Restoring Louisiana Wetlands

Rising sea levels and hurricane storm surges have eaten away at Louisiana’s coastline over the years. The state has lost 1,880 square miles of coastland in the last 80 years, according to a recent report, and scientists expect an additional 1,750 square miles will disappear by 2064 if no action is taken to save the coasts.

In an effort to help rebuild the coastline and protect local communities from future storm surges, Lowe’s contributed a $20,000 grant and partnered with Keep Terrebonne Beautiful and the Louisiana Coastal Conservation Association to complete the second phase of their floating islands restoration project in Terrebonne Parish.

Often, underserved communities are written off as unsalvageable.  This project gave residents new hope for their community.
– Wendy Billiot, executive director, Keep Terrebonne Beautiful

Lowe’s Heroes from Lowe’s of Houma joined local schoolchildren and community volunteers to create 600 square feet of shoreline protection along Island Road, which leads to the homes of two Native American tribes in southern Louisiana. Because residents engage in subsistence fishing along this road, the new marsh habitat will sustain marine life and protect vital infrastructure for years to come.

“In South Terrebonne Parish, the best way to help your community is to help restore the wetlands,” said Wendy Billiot, executive director of Keep Terrebonne Beautiful. “The local community appreciates very much that people from other parts of Terrebonne Parish and the state took an interest in helping them protect this part of their community. Often, underserved communities are written off as unsalvageable. This project gave residents new hope for their community.”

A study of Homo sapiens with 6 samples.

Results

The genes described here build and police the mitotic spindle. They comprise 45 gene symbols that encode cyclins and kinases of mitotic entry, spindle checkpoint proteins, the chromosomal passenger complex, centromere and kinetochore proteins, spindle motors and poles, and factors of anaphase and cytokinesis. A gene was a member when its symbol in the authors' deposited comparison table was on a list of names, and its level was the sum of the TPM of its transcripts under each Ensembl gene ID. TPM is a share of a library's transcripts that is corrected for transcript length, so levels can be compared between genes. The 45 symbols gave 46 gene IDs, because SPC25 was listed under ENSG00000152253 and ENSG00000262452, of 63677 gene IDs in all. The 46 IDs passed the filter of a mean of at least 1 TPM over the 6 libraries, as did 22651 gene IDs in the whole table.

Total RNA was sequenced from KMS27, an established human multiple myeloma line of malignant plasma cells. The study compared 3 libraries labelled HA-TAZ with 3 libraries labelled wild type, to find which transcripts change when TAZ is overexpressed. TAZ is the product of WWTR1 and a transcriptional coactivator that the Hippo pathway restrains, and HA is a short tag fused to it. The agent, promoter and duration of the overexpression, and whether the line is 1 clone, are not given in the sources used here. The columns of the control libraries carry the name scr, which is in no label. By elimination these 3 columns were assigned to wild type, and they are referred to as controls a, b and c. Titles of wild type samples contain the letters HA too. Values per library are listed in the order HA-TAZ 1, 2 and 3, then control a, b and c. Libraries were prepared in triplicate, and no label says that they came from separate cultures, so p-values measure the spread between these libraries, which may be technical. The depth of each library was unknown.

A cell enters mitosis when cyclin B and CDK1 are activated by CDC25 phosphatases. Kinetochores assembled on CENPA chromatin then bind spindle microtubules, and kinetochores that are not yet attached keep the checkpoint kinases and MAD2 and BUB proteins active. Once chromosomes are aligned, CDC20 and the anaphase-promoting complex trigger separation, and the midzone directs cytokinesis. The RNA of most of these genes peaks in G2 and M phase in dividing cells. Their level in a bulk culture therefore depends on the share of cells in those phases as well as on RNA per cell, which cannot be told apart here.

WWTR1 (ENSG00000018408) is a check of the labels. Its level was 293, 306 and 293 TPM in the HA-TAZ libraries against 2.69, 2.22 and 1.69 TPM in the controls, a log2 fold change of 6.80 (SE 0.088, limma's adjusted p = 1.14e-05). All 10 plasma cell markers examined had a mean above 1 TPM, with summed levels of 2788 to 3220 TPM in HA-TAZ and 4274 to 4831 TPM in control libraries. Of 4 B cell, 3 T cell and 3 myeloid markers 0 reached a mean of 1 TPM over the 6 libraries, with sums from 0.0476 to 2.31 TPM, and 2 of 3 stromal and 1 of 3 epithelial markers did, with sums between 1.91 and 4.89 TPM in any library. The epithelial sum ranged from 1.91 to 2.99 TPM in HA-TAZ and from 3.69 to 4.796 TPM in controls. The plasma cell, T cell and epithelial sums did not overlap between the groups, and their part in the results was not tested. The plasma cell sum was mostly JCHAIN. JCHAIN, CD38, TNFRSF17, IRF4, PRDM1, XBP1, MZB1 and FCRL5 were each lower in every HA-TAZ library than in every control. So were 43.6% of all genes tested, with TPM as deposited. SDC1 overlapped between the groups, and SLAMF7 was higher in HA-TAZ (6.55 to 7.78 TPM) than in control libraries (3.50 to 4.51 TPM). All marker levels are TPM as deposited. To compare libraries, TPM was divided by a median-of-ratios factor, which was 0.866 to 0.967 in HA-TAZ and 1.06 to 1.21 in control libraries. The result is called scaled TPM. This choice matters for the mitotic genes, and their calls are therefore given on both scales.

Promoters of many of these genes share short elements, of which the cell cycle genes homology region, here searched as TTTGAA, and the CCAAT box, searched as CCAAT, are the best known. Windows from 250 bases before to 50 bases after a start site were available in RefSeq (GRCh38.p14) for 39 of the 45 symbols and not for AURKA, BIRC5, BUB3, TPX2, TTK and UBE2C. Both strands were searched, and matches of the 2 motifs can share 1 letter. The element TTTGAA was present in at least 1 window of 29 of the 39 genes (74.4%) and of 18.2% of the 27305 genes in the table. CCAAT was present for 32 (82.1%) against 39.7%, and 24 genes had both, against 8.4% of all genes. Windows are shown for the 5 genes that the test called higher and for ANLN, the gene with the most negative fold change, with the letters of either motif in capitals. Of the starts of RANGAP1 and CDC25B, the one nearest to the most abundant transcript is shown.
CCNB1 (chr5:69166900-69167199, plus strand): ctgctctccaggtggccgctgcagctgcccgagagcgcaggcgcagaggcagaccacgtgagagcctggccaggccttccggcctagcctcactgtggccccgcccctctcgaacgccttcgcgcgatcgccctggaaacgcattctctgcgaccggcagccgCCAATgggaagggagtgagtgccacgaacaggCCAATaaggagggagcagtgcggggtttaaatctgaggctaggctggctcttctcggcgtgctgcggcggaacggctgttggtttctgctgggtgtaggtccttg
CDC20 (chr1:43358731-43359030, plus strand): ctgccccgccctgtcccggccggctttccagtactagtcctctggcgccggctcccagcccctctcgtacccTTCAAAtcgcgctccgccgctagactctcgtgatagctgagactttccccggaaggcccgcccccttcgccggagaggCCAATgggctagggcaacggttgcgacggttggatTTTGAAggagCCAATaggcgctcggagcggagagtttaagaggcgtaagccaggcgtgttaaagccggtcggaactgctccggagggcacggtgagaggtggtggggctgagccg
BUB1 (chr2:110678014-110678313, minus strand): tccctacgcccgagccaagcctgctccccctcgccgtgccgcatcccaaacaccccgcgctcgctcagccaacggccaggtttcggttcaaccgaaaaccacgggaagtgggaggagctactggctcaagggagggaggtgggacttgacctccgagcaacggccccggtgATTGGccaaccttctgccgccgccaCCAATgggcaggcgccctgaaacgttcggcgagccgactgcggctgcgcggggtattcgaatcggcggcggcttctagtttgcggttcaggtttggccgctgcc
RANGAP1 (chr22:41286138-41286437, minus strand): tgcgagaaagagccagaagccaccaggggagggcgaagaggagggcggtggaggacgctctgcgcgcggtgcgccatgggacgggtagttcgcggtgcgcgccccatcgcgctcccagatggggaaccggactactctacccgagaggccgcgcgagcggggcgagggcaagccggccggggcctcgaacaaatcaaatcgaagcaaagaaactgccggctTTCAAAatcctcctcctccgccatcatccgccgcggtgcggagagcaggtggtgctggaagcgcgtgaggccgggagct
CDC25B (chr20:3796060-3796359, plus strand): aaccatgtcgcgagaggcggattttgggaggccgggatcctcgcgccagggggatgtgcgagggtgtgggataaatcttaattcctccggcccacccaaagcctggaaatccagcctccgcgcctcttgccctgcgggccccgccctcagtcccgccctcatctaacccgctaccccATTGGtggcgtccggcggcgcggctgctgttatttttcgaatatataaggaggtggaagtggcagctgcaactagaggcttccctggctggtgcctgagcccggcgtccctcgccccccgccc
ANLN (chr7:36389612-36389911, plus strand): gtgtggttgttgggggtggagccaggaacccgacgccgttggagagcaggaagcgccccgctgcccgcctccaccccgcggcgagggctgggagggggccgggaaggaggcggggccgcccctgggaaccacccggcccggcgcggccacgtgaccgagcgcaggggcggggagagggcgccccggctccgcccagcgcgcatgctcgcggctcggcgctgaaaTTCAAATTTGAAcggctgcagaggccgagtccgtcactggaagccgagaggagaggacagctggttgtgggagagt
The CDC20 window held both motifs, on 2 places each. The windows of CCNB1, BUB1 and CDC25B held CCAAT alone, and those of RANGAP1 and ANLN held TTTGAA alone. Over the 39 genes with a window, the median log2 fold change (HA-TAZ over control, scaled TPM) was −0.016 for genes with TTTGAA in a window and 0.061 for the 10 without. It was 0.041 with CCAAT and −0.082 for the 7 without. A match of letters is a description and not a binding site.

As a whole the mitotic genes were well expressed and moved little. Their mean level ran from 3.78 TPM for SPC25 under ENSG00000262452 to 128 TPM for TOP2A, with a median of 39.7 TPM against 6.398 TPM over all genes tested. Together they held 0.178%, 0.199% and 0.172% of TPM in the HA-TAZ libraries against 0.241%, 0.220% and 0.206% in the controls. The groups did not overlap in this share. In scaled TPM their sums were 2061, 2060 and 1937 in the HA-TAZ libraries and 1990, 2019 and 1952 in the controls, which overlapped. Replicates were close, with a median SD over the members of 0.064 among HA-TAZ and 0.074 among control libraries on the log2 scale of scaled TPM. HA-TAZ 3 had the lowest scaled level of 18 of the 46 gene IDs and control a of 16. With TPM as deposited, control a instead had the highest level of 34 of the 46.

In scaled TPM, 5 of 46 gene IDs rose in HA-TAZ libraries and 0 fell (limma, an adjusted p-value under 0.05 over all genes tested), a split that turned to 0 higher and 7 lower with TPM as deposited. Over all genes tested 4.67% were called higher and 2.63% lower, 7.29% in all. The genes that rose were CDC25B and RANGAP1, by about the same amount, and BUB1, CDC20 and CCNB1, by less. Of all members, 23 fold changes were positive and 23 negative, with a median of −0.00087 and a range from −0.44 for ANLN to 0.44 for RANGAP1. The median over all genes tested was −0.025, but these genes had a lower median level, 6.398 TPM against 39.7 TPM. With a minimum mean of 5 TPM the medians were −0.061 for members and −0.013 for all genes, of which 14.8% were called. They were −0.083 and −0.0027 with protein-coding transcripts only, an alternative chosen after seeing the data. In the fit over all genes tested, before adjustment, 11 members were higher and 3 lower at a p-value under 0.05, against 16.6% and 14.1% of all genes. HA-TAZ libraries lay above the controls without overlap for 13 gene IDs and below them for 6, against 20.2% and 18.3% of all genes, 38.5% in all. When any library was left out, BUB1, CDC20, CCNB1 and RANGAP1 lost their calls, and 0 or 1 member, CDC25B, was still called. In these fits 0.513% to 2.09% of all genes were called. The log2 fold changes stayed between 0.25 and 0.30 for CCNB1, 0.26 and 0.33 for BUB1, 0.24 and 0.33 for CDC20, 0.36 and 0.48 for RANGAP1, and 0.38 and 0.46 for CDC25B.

Launched in 2011, the coast restoration project uses a “floating island” system developed by Martin EcoSystems to increase the amount of marsh and stabilize the natural shoreline. Unlike other major wetland restoration projects, the floating island approach uses materials that any volunteer can easily manage.

Mats made from 100 percent recycled plastic bottles are the foundation of the islands; they were predrilled with 210 holes. Volunteers then added potting soil and 230 plants per mat. The students put the plants in the mats, and Lowe’s Heroes helped carry them to the water’s edge, where professionals hauled them out to the marsh and anchored them in place. The plants will grow a root system and tie into existing marsh. The goal is to increase the amount of marsh from 120 linear feet to 1,500 linear feet.

“This project was Phase II of a very big project and proves beyond the shadow of a doubt that floating islands work,” Billiot said. “We are very proud to have been part of that project, and we hope that Lowe’s and Keep America Beautiful share in that pride with us.”